Thursday, April 28, 2011

Well maybe Bogdan Bogdanovic was right

Or at least about some things.
On our way to Bosnia (Republika Srpska/RS to be specific) about a month ago, we stopped at the site of the WWII concentration camp in Jasenovac. Unlike a lot of other sites of memory we had visited (such as the house of Adem Jasheri in Kosovo--something I should write more about later--we'll see when that happens), the camp had been completely destroyed at the end of the war, as the Ustasa, supported/supporting the fascists in Europe, began to lose the war, and hadn't been rebuilt. We entered by driving past a huge, empty field, with some mounds, which, I later found out, mark where buildings had been.
I was eating a sandwich. and afterwords visited probably the cleanest, most well equipped bathroom in the Balkans.

oh the irony.

The camp played and in many ways still plays a large role in politics, and especially perception of victimhood, in the region. Across the river from the camp is now RS, and was the site where many of the prisoners were executed, in really gruesome ways, mostly involving bludgeons and unbelievably close proximity to those being killed. But what makes Jasenovac so important/contested is that many of the victims were Serbs--a narrative that especially post 1990s wars, Serbs are eager to bring up. Problematic for me is that the way it has been framed in popular discourse--Ustasha (usually code-word for Croat) concentration camp for Serbs. One, this conflation of the Croats with their war time leadership (or any entire  people with their political leadership--especially in the context of a violent regime) especially in hindsight, had/has horrible consequences. Secondly, Serbs weren't the only victims, a significant number of Roma, Jews, Communists, and anti-regime Croats also died there.

The museum attached to the site had inscribed the names of all the known and identified victims of the camp on glass plates which hung above the exhibition space. I think there were eighteen or so people listed who had the same surname as my host family in Belgrade.

Bogdan Bogdanovic, a renowned Yugoslav architect who made scores of monuments (spomniks) across the former Yugoslavia, was in charge of the memorialization of the space, and in the middle of the field was a concrete structure, in the shape of a flower about to blossom. The Flower Monument was supposed to symbolize the ultimate failure of the fascist regime to destroy the multi-cultural nature of Yugoslavia. (pictures can be seen at if you're interested). Seeing Jasenovac, especially in spring, that sentiment really rung true.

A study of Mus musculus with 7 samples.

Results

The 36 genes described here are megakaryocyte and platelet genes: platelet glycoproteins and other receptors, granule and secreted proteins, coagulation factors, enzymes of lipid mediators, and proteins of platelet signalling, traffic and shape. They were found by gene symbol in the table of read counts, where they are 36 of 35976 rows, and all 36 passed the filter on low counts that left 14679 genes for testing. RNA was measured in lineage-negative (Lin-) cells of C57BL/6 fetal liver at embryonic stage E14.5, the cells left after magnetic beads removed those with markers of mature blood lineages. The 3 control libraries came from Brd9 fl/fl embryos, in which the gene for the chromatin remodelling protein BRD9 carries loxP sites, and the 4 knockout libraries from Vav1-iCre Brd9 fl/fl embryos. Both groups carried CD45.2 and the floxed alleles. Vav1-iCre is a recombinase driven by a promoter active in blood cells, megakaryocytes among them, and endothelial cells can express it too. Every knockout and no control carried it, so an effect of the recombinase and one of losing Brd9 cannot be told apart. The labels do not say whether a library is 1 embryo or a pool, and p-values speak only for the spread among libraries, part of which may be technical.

The only other time I had heard of Bogdanovic (other than seeing another of his colossal spomniks---looming on the hillside above Mitrovica in Kosovo) was an essay I read of his, "The City and Death" last semester. The essay was in a collection of writings by authors from the former Yugoslav space, all writing about the war. I think it was published in 1993, but could be wrong. Bogdanovic's piece focused on the destruction of urban spaces--what he termed urbanicide (intent to destroy in whole or in part urban spaces/culture)--by the uncultured peoples on the hills. When I read it I couldn't quite verbalize why that made me so uncomfortable.Was it my own rural upbringing? I didn't know.

But thinking of projects of ethnic cleansing as ultimate failures because we can't destroy life--lives yes, but not life itself--resonated with my optimist self.

But Bogdanovic and I weren't over yet.
As part of our study abroad experience, we each had to design a research question and jump into the field to find out more. After hours of driving through empty/emptied villages, houses with no roofs, and with trees in the driveway rather than cars, past red hazard signs marking land not yet cleared of land mines, I chose to explore the process of returning to communities utterly devastated by war. I'll let you know how things turn out.
But in my research I again came across Bogdanovic and urbanicide. and I realized why that bothered me so much--the war wasn't just over urban spaces. Yes people living in urban spaces, and unbrnity it self was targeted by the war, but they most certainly weren't the only victims. While the siege of Sarajavo received more prime time than the war in other places, the fact that the TV cameras weren't looking certainly didn't stop the destruction. That's something that, especially living as I am now in a village just outside Sanski Most, I'm really internalizing.  In contract to urbanicide, some authors proposed "domicide"--the intent to destroy home (physically, socially, emotionally) as an integral part of the project of ethnic cleansing.

I can't even imagine what Sanski Most was like during or shortly after the war. Even though my research centers around this question of leaving and coming back, there are things I can't imagine. (Thank you mom and dad for not having a TV in the house, for allowing me to grow up without a violent imagination). But the stories I'm hearing are more than enough.

But then I look out the window of the Center for Peacebuilding, a local NGO where I am volunteering/based, and I can see men biking to work in the fields with their sickles hooked over the handlebar; or children returning from school, backpacks bouncing; tulips grow; neighbors visit, drink coffee, smoke cigarettes and talk about the price of tomatoes. Bogdanovic was right, however disgusting, brutal, unthinkable ethnic cleansing is, the living are proof of its failure.

wow. I'm an optimist.
And I'll have to write about Republika Srpska some other time.